A five-minute clip from graphic artist Saul Bass' Oscar-winning 1968 documentary Why Man Creates made its way to You Tube this fall. Bass sketched the "edifice" of human progress as a towering work of architecture—from cave dwelling to pyramid, Greek temple to Roman arch, Gothic cathedral to modernist box—each layer providing a humorous frame in which to view the evolution of innovation. The clip counted more than 20,100 hits at press time.
Nearly four decades after its original release, Bass' 25-minute classic still makes a good argument for stepping outside the box. In a segment devoted to ping-pong balls, one ball bounces so high it is expelled from the factory assembly line, only to disappear in a burst of exuberance in the uncharted freedom outdoors.
A humorous take on serious questions is ageless and typical of Bass (1920-1996), who created original title sequences for such films as The Man With the Golden Arm and North by Northwest. In Why, he used a variety of low-tech techniques to convey the euphoria of the eureka moment and the frustration of research thwarted. Human progress is condensed into a fantasy of steam engines, light bulbs, and jet planes. As the trappings of modernity pile on, a mushroom cloud emerges from the pinnacle like a gasp of exhaustion. But Bass, an optimist, shapes the cloud like a well-leafed tree.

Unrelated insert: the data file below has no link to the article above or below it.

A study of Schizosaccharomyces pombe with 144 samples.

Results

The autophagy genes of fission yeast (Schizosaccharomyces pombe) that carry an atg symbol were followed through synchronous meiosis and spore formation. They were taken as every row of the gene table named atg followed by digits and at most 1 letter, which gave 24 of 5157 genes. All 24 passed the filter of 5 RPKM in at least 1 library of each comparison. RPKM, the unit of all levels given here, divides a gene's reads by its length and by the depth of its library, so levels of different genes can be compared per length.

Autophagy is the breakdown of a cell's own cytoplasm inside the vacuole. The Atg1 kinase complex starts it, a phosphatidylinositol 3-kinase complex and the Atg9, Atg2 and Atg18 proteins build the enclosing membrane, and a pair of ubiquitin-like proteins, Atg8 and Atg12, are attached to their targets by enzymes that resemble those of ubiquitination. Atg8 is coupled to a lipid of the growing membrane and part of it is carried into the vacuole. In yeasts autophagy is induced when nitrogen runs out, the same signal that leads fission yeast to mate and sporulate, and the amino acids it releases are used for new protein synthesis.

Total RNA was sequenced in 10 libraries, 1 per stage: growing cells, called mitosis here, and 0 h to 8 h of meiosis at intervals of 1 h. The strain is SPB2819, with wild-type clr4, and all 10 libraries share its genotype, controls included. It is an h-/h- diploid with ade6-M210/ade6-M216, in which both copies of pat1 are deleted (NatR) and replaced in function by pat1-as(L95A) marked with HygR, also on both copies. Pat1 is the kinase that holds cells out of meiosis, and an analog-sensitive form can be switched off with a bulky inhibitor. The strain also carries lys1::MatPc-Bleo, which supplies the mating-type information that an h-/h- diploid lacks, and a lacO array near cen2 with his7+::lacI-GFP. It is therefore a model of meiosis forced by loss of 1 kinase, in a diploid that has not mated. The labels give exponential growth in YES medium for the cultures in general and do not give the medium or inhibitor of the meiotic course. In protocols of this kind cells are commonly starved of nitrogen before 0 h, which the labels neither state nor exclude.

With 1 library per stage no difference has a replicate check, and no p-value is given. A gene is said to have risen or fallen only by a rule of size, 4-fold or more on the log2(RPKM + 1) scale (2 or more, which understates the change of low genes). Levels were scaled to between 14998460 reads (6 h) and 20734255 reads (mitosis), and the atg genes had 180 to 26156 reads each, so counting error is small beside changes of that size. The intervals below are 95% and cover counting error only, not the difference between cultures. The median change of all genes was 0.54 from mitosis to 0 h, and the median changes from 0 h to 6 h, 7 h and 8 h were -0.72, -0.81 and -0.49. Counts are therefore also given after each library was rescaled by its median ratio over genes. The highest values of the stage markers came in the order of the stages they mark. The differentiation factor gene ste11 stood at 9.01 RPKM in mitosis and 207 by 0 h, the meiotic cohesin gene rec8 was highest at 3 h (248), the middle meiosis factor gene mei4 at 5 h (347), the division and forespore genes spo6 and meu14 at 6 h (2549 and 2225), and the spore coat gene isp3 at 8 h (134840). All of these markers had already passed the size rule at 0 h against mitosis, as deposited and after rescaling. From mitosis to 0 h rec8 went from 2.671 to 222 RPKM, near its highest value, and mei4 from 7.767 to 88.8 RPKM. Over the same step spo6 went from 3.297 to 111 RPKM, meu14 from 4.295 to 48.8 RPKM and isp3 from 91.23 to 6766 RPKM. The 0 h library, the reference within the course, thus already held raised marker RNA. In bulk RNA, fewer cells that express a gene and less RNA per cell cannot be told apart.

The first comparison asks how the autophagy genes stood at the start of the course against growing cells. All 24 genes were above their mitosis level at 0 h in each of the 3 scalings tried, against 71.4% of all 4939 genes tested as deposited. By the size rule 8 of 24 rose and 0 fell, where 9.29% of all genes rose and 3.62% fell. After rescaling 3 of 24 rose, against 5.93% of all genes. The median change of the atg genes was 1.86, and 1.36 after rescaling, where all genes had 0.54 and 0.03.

Researchers note that people who take creative leaps can be making a radicalbreak with mainstream expectations and societal responsibilities. Bass doesn't flinch. Instead, he argues for expressing one's uniqueness, to declare, "I am." That, Bass says, is why men and women create.
The price of creativity: Why Man Creates, a 25-minute documentary by Saul Bass, is available as a DVD from www.pyramidmedia.com for $125.